Every so often I get an email like this:
"Cathy, I will be calling to book an appointment. I am miserable. I hate my job. I hate where I'm living."

I send what I hope is a gracious response, offering a "get acquainted" call as a first step to some creative career coaching. Griselda never responds.

Two months later, Griselda writes, "Cathy, I just ordered your book. As soon as I finish I will call. I saw a counselor who said I should move. I just can't make up my mind! "

Amazingly, Griselda writes a third time: "I just spent two hundred dollars for an astrology consultation. I am still miserable. When I finish your book, I will call you."

Have you ever watched a car, stuck in snow, spin its wheels?

That's what Griselda is doing. If she keeps trying to move, she'll just spin her wheels. She needs to step back from the situation -- like getting out of the car -- and push. Here are three ways to get started.

1. Quit thinking about the problem. Go cold turkey for at least a month. Declare a moratorium on buying self-help books, wondering if you need a coach, and baring your soul.
When someone asks how you're doing, say, "Wonderful!" or at least, "Fine!" and resist the temptation to talk about your confusion..

Sounds like breaking an addiction? Well, you can get addicted to being miserable.

2.Take it one day at a time. When you find yourself thinking about your dilemma, flip your mind to another topic, as if you turned off one light and turned on another.

Focus on anything but your problem: your cat or dog, an escape novel, a movie, a garden -- the possibilities are endless.

3. Be aware that deep blocks and self-sabotage are the province of therapists. Forget about coaches, astrologers, online aptitude tests and even self-help books. Bite the bullet, find yourself a competent resource and stay with the process until you make changes.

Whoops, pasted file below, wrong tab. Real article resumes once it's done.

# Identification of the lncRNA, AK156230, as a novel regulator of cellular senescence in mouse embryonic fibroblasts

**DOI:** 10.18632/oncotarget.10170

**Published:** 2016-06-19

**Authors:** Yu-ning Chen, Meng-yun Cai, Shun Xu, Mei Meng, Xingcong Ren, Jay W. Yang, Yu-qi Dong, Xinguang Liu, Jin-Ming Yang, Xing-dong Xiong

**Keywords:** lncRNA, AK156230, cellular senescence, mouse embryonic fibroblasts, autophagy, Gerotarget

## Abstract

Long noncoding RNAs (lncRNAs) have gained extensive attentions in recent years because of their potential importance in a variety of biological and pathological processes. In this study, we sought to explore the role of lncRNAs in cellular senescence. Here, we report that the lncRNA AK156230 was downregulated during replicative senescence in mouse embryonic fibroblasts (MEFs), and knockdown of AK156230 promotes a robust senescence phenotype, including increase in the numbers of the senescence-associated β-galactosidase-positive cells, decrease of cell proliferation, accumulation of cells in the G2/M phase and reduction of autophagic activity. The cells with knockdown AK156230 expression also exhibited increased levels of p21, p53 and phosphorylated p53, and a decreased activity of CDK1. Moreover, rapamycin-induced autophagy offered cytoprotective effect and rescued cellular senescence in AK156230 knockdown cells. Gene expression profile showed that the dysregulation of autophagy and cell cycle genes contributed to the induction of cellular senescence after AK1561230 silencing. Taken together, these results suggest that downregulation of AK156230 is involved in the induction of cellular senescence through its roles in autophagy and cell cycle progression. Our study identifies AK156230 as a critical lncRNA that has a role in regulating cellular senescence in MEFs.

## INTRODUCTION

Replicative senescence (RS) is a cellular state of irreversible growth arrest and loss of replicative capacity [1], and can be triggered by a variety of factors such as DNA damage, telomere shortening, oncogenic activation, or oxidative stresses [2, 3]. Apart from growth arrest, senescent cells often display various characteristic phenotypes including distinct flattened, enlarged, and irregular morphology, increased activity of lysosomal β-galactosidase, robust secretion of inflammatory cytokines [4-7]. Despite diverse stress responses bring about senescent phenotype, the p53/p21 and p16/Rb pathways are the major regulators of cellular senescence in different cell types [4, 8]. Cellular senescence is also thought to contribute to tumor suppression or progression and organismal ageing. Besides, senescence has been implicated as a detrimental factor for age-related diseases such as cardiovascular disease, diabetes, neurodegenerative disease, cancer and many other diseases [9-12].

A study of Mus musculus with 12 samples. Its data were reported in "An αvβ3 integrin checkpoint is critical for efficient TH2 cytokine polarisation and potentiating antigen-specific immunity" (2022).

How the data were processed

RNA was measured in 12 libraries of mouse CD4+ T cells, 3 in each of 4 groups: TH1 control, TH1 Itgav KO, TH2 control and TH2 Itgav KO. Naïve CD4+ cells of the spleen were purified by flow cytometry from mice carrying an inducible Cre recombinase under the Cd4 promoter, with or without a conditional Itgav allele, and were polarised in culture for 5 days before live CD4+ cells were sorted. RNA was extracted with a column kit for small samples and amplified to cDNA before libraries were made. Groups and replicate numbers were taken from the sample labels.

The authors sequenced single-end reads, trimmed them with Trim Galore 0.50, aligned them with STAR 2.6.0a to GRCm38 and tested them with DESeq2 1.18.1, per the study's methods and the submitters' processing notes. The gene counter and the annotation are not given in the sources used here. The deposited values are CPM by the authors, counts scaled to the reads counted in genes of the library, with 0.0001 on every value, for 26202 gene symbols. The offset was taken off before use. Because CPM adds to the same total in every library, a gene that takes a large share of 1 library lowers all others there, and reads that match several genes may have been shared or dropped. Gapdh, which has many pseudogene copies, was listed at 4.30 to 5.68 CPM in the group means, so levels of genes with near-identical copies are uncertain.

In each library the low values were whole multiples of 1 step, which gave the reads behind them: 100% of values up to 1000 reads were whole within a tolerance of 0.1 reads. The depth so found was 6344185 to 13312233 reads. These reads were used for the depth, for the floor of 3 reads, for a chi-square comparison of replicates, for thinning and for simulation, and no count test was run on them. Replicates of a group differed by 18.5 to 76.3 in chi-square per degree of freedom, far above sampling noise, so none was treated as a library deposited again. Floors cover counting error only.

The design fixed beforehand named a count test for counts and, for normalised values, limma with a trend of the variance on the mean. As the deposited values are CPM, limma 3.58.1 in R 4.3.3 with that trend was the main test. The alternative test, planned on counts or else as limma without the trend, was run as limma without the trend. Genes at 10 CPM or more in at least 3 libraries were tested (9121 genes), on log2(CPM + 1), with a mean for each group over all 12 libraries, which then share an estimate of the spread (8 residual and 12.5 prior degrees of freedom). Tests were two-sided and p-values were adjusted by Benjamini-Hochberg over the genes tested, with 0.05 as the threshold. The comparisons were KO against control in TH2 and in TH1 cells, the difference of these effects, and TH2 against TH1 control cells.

If Griselda asked, I'd tell her to get back in touch when she found herself using words like "move" and "action." I would ask her to complete a few of my forms and try some tentative actions before she reached for her credit card.

Research shows that people change when they get ready, sometimes because they've hit bottom and sometimes because of a defining, crystallizing moment of truth.

A seemingly trivial episode can trigger a major lifetime change. Yolanda (interviewed for a fitness project) began an exercise program after a relative rudely asked her, at a holiday dinner, "Do you really need that piece of pie?" Ten years later, she wins marathons and enjoys pies, cake and ice cream, too.

When you are ready, you will know -- and others will know, because you look and speak differently. This time, if you decide to hire a coach, you'll complete the pre-call forms in half an hour and grab the first appointment available. And you'll be on your way to a new career and new life.

Cathy Goodwin, Ph.D. is an author, career coach, and speaker. She works with mid-career professionals who want to make a fast move to career freedom. Visit her site or call 505-534-4294.